This month’s theme was Fear and Loathing in Game Spaces:

“Since their inception, games have explored that most primal of human emotions: fear. Whether it’s shambling zombies, ghosts, relentless killers or arachnophobia, we’ve never been short of scares. Some can’t stand horror games, while others thrive on them.

Are games uniquely suited to instil fear in the player, beyond a film or a Stephen King novel? Does your skin crawl at the mere thought of being scared, or do you relish the surge of adrenaline? Have you ever been scared or felt uncomfortable in a game that wasn’t intended to make you feel that way?”

Christopher Floyd writes about the fear of death, specifically dealing with the consequences of death Silent Hill: Downpour and the tangible loss of a squad member in XCOM: Enemy Unknown rather than the death of the player character.

Peter Shafer talks about how horror games force us to look on, unable to cover our eyes unlike if we were watching a scary movie. Silent Hill again! It’s times like this I almost wish I owned a Playstation instead of a Saturn. Actually, that’s the real stuff of nightmares.

Cha Holland conquers her fear of the sadomasochistic platform game VVVVVV and its infamous ‘Doing Things the Hard Way’ section. It’s good to know someone finished that bit.

Shawn Trautman introduces us to Andrew Shouldice’s lo-fi indie horror game Hide, which was released before Slender and makes the latter seem like an… interesting homage. The fear of being pursued without hope of escape is quite prevalent in other indie horror games, like SCP: Containment Breach.

Kim Shier points out the difference between the “armchair apocalypse” of cinema and the active participation of video games. However, this actively leads to greater emotional investment, as with The Walking Dead, where tensions comes from making a bad choice in a world packed full of bad choices.

Cameron Kunzleman’s expansive Designing Horror series covers a lot of interesting indie horror games I’d never even heard of before. It’s been running for the past couple of months and is well worth taking an hour or two to read through all of the entries. Possibly before sunset.

Marc Price was so scared by Resident Evil as a child that he embarrassed himself in front of his mother. Better than wetting yourself in a shopping centre, I guess. Now he laments the death of the survival horror genre with new action-focused titles like Resident Evil 6 and Dead Space 3. Yet if there’s one genre that can rise from the dead and walk the Earth, it surely must be survival horror.

Richard Moss revisits his childhood fear of crowds with At the Carnival. Is it just me, or is there something inherently creepy about those screenshots, phobia or not?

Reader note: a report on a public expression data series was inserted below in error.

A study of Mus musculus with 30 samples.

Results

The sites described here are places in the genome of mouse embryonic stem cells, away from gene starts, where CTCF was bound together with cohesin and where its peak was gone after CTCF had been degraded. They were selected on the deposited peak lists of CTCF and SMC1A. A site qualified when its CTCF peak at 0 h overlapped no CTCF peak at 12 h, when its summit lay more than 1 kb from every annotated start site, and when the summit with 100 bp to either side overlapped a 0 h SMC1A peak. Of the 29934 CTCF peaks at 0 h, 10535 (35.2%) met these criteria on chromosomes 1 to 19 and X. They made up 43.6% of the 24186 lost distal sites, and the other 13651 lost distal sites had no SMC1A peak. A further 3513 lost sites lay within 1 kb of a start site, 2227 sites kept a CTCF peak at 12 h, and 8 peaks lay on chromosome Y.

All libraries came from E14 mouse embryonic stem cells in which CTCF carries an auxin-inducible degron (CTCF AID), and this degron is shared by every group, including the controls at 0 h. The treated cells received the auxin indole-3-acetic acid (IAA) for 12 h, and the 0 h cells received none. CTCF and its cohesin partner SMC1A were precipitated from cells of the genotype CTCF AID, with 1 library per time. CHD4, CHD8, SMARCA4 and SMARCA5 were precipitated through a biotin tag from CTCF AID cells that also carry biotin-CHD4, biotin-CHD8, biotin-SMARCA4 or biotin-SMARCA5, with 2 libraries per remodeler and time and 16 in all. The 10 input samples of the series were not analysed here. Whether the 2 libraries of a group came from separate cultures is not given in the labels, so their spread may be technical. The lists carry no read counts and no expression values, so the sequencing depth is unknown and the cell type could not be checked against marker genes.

Nathan Blades compares the demonic shopping mall of Shin Megami Tensei: Strange Journey with the real-world horrors of the London riots. He goes on to talk about Westfield Stratford: I’ve been there too, and let me tell you, the queues in that Primark are nothing short of terrifying.

Cody Steffen offers an omnibus of his experiences with horror games. Like Kim, Cody explores the idea of heightened interactivity keeping our eyes fixed on the television instead of cowering behind the sofa.

Eric Swain has been writing about horror games all month at PopMatters (and now that I’ve mentioned it, hopefully he’ll stick a link in his blog) and sees them as more thought-provoking than other games: not just those annoying chess piece puzzles in Resident Evil 2, but because players are “complicit in their own fear.”

Nathan Altice argues, very convincingly, that Silent Hill 2 understands temporal horror and the slow psychological buildups that are more effective than monsters bursting out of closets. How bad of a port Silent Hill HD Collection? I really want to play SH2. There is no punchline here. It’s a serious question.

John Brindle takes a different angle on the topic with a look at ‘The Political Uses of Fear’ (trigger warning for street harassment, passing anxiety, rape culture). As well as fear for fear’s sake, the more ‘everyday’ horror of a game like Hey Baby or Lim can be far more terrifying than the mutant freaks of Dead Space, because those are nightmares from which we can’t awake.

Bonus I Can’t Believe It’s Not BoRT Halloween Content: Craig and I played the point-n-click-n-jump horror game The House 2 for Split Screen and recorded a video. Contains very strong language, mostly from me.

There is a small chance I may have missed an entry due to paranormal activity. If your entry isn’t listed here, you haven’t been snubbed- please email me or send me a message on Twitter and I’ll add it to our roundup.